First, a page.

After watching a news segment Wednesday evening about some young people writing letters to express their distress and fear due to the heightened state of social injustice, I remembered something I did years ago.

I wrote a letter, too.

My letter, like the teens in the news broadcast, was intended to address emotional struggles caused by an incident outside my control.

For me, it was to address the heartache I was experiencing caused by divorce.

The letter I wrote was never intended to be mailed. It was only written as a therapeutic means to release some of my angst.

But for the teens, not only did they write their letter; they also read them out loud. I think this served as an added mechanism in addressing their worries.

I agree with the conclusion of the news reporter, there is healing in writing. Therefore, I have decided it is time I write another letter, and this time it will be addressed to COVID-19.

Dear Coronavirus,

How do I even begin to tell you how much I hate you?

Yes, I hate you!

You have forever changed the lives of every single person in the world,
and your path of destruction is relentless.

You have strangled the life from thousands and upended the livelihood
of millions.

You have caused divisiveness in my country and discord between my family
and friends.

It seems you will stop at nothing to continue your reign of terror.

You put a stop to the family vacation and our annual Fourth of July

You put a halt to me attending church services and placed a burden on my
children and grandchildren by causing schools to be closed.

You have snatched so many precious moments from me and everyone else.

The worry and fear I have of someone in my family becoming sick or dying
from you has felt debilitating at times.

The safety mandates made in an attempt to control your wrath are
affecting my mental health and that of my family members.

Do you have any idea or even care about the pain and misery you have
caused and are continuing to cause?

COVID, you are a monster.

When will your destruction stop?

I pray that God in Heaven will take you down. I want to see you beg for
your existence and then be destroyed.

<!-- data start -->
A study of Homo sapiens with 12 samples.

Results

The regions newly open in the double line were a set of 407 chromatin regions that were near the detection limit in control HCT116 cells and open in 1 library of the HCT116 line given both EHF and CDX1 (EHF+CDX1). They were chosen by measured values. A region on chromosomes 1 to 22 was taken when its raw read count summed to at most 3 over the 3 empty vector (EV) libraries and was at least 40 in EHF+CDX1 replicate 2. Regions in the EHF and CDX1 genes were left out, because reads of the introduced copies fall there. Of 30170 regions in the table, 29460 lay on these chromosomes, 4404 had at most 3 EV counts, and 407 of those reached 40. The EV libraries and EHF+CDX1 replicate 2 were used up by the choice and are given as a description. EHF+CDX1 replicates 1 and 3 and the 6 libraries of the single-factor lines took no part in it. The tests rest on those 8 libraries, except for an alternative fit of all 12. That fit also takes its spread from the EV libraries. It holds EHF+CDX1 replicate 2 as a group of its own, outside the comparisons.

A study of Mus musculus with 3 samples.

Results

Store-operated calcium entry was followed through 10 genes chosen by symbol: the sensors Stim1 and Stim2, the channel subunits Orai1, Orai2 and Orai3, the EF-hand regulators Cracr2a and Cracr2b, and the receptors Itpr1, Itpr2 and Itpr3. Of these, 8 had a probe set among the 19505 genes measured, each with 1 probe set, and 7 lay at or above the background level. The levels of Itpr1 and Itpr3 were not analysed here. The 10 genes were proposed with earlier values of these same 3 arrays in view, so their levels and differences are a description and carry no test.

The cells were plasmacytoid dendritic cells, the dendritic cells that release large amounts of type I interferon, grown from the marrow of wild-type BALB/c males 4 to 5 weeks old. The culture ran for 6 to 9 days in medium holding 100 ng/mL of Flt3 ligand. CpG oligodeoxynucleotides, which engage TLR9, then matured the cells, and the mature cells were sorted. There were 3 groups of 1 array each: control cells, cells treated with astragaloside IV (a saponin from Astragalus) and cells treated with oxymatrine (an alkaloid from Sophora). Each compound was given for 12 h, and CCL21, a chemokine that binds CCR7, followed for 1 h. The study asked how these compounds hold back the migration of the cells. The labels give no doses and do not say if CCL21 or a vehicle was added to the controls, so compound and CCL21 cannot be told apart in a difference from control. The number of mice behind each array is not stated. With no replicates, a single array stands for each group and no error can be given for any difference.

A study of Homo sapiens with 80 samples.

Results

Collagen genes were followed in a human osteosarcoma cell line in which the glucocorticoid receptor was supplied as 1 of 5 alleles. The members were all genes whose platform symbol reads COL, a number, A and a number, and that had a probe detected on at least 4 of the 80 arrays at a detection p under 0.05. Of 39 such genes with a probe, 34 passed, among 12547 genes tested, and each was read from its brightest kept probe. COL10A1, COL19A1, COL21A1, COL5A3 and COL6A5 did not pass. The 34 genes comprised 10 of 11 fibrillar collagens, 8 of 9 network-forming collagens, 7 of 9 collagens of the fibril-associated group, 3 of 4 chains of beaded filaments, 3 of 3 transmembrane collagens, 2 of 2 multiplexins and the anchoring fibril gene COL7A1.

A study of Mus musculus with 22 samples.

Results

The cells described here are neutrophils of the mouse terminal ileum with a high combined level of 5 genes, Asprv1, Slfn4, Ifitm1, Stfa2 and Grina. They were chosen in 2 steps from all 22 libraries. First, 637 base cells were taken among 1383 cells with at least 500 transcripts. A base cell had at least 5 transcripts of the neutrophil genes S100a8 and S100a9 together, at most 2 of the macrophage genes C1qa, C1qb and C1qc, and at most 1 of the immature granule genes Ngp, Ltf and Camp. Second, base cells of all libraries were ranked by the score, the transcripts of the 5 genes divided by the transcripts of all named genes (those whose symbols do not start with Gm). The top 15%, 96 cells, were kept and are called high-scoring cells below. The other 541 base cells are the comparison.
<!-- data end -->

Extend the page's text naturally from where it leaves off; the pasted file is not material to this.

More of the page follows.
And Mr. Pandemic, rest assured, there will come a time this will happen,
and when it does, I, along with everyone else in the world, will

You think you are making your mark. You are.

But I, we, will prevail.

You just wait and see.


During these times of uncertainty, I would encourage you to write a letter or just write. And for those who have children or teens in their home, I would suggest letting them do the same.

Also, for those who need to be heard and their letters read, send them to me.

After reading and with the provision of anonymity, I may even suggest to the powers that be, we run these letters in the paper, so those who may need healing from being heard have this opportunity.

Anne Frank, the world-famous German-born diarist and World War II Holocaust victim once said, “I can shake off everything as I write: My sorrows disappear, courage is reborn.”

About Terri Cowart Frazier

Terri Frazier was born in Cleveland. Shortly afterward, the family moved to Vicksburg. She is a part-time reporter at The Vicksburg Post and is the editor of the Vicksburg Living Magazine, which has been awarded First Place by the Mississippi Press Association. She has also been the recipient of a First Place award in the MPA’s Better Newspaper Contest’s editorial division for the “Best Feature Story.”

Terri graduated from Warren Central High School and Mississippi State University where she received a bachelor’s degree in communications with an emphasis in public relations.

Prior to coming to work at The Post a little more than 10 years ago, she did some freelancing at the Jackson Free Press. But for most of her life, she enjoyed being a full-time stay at home mom.

Terri is a member of the Crawford Street United Methodist Church. She is a lifetime member of the Vicksburg Junior Auxiliary and is a past member of the Sampler Antique Club and Town and Country Garden Club. She is married to Dr. Walter Frazier.

“From staying informed with local governmental issues to hearing the stories of its people, a hometown newspaper is vital to a community. I have felt privileged to be part of a dedicated team at The Post throughout my tenure and hope that with theirs and with local support, I will be able to continue to grow and hone in on my skills as I help share the stories in Vicksburg. When asked what I like most about my job, my answer is always ‘the people.’